If elected to Crystal River City Council, Scott Davis will keep up the progressive endeavors city employees have moved ahead with in recent years.
“All this work has been done by a proactive city manager,” he told the Chronicle editorial about Ken Frink and staff finalizing the Riverwalk, curbing area water bottling efforts and better managing and capitalizing on commercial paddlecraft operations.
Davis said he’s wanted to serve on council for a while, and the timing is right to run.
“This is not something to keep me busy during retirement,” the 50-year city resident said. “I really want to give back to my hometown.”
Davis is challenging two-term incumbent Ken Brown for Seat 1 on council. City locals vote on Election Day, Nov. 3.
Having an active council is good, Davis said, but it shouldn’t still be dealing with the same issues of the past decade when it should be prepping for the effects of the incoming Suncoast Parkway.
“I don’t like covering the same ground twice; we’ll get them solved,” he said. “I’m all for going forward; we have too many things coming…and I’d like to see Crystal River put its best foot forward.”
A top issue for Davis is Crystal River getting a better handle over the negative impacts of its tourism industry causing more boat and vehicle congestion on local waterways and roads.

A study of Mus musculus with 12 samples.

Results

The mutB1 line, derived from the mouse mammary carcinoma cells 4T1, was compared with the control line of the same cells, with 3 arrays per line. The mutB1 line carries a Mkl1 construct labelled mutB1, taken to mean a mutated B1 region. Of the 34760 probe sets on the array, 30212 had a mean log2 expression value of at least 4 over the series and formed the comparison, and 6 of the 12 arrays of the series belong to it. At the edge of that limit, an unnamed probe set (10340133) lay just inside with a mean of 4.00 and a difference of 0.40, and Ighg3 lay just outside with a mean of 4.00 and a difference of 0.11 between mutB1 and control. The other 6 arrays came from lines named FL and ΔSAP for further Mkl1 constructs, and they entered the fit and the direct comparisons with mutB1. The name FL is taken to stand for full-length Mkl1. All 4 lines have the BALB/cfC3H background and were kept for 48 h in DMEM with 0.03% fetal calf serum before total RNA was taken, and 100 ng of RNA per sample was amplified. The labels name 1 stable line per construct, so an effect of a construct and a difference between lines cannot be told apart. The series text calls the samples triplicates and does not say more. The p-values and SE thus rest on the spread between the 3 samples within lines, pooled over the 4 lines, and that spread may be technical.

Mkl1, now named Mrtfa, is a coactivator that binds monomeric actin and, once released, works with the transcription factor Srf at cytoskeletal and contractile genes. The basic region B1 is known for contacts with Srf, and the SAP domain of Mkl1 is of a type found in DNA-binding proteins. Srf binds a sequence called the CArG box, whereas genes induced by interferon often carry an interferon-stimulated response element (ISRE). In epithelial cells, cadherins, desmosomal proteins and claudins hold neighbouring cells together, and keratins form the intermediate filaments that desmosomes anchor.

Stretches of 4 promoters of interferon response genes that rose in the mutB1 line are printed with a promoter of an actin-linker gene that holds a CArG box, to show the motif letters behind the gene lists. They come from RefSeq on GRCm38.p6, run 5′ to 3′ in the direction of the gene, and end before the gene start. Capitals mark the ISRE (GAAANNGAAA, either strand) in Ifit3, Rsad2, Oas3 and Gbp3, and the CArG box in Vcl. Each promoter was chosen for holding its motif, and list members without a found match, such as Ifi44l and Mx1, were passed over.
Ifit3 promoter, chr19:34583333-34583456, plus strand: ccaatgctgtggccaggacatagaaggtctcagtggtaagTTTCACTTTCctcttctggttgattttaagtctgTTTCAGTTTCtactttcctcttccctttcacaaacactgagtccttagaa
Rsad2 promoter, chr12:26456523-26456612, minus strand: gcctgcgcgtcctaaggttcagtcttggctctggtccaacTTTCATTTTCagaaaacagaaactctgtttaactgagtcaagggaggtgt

Davis said the city’s decision to move all commercial paddlecraft launchings from Hunter Springs Park to Kings Bay Park was a good start.
He suggested the city create specific boating lanes on residential canals and coves for motorized and paddle vessels to travel on and help traffic flow.
To relieve issues on roadways, especially after the parkway arrives, Davis would like the city to designate a bypass around its downtown, like North Turkey Oak Drive.
Davis said law enforcement also has to be more visible and active in crowded areas.
“It’s a tight rope to walk because you don’t want us to look like we’re terrible to all tourists,” he said. “I don’t want anybody to not enjoy resources, but they have to abide by rules.”
Fixing up blighted properties within the city is another priority for the Davis campaign, particularly the Crystal Square shopping plaza off of U.S. 19.
“It’s been a sore spot for years, and nothing has happened,” Davis said. “I want to see all of Crystal River cleaned up.”
Davis has proposed the city issue a “permit holiday” to waive permitting fees for developers and encourage new construction or building improvements.
“It doesn’t cure the whole problem,” he said, “but maybe it will give people an incentive to do more.”
Crystal River officials also need to pay mind to neighborhoods beyond the city center, like communities east of U.S. 19 and around Copeland Park, where code violations are abundant, Davis said.
“Most of the money and focus goes to downtown, which is great,” he said, “It’s just rundown, it needs maintenance and needs people to be reminded they need to keep their things clean."
Davis said it wouldn’t cost the city as much as building a town square to bring solutions forward.
“We’re not looking at a $1 million project there,” he said, “just good maintenance."